Handling reports of alleged improprieties from external sources
The European Medicines Agency (EMA) has put in place a policy on handling allegations of improprieties received from external sources. Such improprieties may include allegations of non-compliance with standards of good practices that could have an impact on the evaluation and supervision of medicines.
The goal is to create an environment where individuals outside the Agency feel confident to raise their concerns on improprieties in their area of work, and submit information or evidence about improprieties they may have observed.
The policy helps EMA assess these reports and coordinate any further investigation, while protecting the confidentiality of the reporting person.
EMA's Management Board adopted the policy in March 2017. It came into effect on 17 March 2017:
- EMA's handling of information from external sources disclosing alleged improprieties concerning EMA activities related to the authorisation, supervision and maintenance of human and veterinary medicinal products
How to report a concern
Anyone external to EMA who becomes aware of an irregularity that might impact on EMA's activities may report these allegations to EMA, by writing to firstname.lastname@example.org, using the provided template.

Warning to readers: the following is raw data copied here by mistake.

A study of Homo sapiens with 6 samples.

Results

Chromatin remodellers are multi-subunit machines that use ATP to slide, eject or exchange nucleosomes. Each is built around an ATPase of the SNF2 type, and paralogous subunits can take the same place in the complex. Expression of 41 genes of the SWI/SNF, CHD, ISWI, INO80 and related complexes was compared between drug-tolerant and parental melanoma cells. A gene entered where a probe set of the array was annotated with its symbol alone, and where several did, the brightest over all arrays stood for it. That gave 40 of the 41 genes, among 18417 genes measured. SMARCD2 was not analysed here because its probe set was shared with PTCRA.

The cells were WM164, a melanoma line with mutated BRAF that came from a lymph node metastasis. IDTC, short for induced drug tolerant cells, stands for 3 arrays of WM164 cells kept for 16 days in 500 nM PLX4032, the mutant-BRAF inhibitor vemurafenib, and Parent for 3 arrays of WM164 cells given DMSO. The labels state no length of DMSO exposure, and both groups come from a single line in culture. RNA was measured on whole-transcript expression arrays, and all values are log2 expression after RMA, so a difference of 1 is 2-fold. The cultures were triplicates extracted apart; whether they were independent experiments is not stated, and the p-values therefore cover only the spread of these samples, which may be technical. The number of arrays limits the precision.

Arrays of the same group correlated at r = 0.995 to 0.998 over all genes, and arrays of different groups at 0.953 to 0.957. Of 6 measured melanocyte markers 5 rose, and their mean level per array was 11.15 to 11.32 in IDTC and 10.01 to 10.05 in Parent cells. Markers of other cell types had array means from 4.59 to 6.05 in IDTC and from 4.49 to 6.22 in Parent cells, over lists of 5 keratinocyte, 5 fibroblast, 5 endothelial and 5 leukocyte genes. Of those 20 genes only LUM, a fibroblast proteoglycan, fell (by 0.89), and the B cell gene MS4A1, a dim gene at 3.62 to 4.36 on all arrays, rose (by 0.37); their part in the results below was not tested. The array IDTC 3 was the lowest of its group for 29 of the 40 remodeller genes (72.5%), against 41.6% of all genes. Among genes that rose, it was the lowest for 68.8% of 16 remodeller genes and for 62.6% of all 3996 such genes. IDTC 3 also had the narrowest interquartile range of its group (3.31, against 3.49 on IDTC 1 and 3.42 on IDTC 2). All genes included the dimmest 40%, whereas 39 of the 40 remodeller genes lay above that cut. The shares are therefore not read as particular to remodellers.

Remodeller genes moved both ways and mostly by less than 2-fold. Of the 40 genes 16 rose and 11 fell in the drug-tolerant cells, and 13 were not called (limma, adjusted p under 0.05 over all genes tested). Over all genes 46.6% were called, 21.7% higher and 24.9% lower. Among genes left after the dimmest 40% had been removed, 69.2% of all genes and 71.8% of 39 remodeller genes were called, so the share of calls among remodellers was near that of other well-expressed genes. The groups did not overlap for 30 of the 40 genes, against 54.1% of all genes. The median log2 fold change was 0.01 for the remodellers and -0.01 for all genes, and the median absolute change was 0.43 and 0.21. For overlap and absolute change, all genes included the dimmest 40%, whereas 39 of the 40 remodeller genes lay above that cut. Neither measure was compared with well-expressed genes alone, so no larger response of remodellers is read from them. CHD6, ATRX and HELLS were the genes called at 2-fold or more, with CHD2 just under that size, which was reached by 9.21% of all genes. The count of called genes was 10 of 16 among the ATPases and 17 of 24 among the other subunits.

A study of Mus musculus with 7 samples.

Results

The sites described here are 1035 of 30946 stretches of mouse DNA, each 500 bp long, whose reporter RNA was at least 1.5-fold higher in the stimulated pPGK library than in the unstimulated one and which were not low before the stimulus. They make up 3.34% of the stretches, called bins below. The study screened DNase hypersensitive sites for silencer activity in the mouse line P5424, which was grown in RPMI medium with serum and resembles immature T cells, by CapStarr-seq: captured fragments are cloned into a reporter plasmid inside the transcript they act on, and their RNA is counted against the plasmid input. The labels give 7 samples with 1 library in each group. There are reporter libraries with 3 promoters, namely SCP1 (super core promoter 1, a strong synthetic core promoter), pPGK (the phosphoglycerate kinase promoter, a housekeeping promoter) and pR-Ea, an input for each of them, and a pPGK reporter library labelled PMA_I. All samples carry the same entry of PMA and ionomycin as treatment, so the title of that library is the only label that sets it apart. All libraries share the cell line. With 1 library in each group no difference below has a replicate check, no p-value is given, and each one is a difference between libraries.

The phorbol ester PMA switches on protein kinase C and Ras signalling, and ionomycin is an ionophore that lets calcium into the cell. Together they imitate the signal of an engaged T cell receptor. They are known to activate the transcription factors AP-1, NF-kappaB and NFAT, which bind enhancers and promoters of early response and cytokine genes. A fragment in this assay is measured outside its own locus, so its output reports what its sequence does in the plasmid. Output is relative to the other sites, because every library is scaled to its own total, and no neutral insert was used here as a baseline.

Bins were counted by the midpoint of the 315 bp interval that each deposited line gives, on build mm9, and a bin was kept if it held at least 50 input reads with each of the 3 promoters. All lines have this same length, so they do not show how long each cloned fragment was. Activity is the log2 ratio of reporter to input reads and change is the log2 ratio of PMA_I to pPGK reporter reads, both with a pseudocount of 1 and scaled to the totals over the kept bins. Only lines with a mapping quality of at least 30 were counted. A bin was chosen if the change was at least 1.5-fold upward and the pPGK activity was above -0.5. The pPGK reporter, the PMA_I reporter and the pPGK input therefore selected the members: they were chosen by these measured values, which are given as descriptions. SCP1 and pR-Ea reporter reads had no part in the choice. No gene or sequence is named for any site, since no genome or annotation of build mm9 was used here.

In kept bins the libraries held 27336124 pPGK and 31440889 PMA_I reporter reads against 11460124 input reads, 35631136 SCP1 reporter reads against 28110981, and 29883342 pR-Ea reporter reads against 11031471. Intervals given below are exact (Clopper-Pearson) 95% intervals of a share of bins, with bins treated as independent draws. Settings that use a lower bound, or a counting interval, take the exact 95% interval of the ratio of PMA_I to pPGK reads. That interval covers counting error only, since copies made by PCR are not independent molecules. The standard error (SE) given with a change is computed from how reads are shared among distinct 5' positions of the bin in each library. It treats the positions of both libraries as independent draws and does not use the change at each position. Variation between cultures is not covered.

They can also send a letter to the Agency. For information on the Agency's postal address, see Contacts at EMA.
What EMA will do
EMA sends an acknowledgement of receipt, by letter or email, within 15 working days after receiving the report.
EMA keeps the identity of the reporting person confidential, whether the information provided leads to further investigation or not.
If the allegations concern a centrally authorised medicine, EMAl coordinates an investigation. If there are any concerns that the improprieties may affect the balance of benefits and risks of the medicine, EMA's scientific committees may consider regulatory action.
If the allegations concern a nationally authorised medicine, EMA may, on a case-by-case basis, refer the matter to the national competent authority in the European Union Member State where the concerned medicine is authorised.
If there is a suspicion that fraud is involved, the Agency refers the case to the European Anti-Fraud Office (OLAF) in accordance the existing arrangements between OLAF and EMA. For more information, see Anti-fraud strategy.
EMA inform the reporting person, if not anonymous, of the outcome of the assessment or if it transfers the report to another competent authority.
The Agency only includes personal data when it transfers a report to another party if the reporter agrees to this.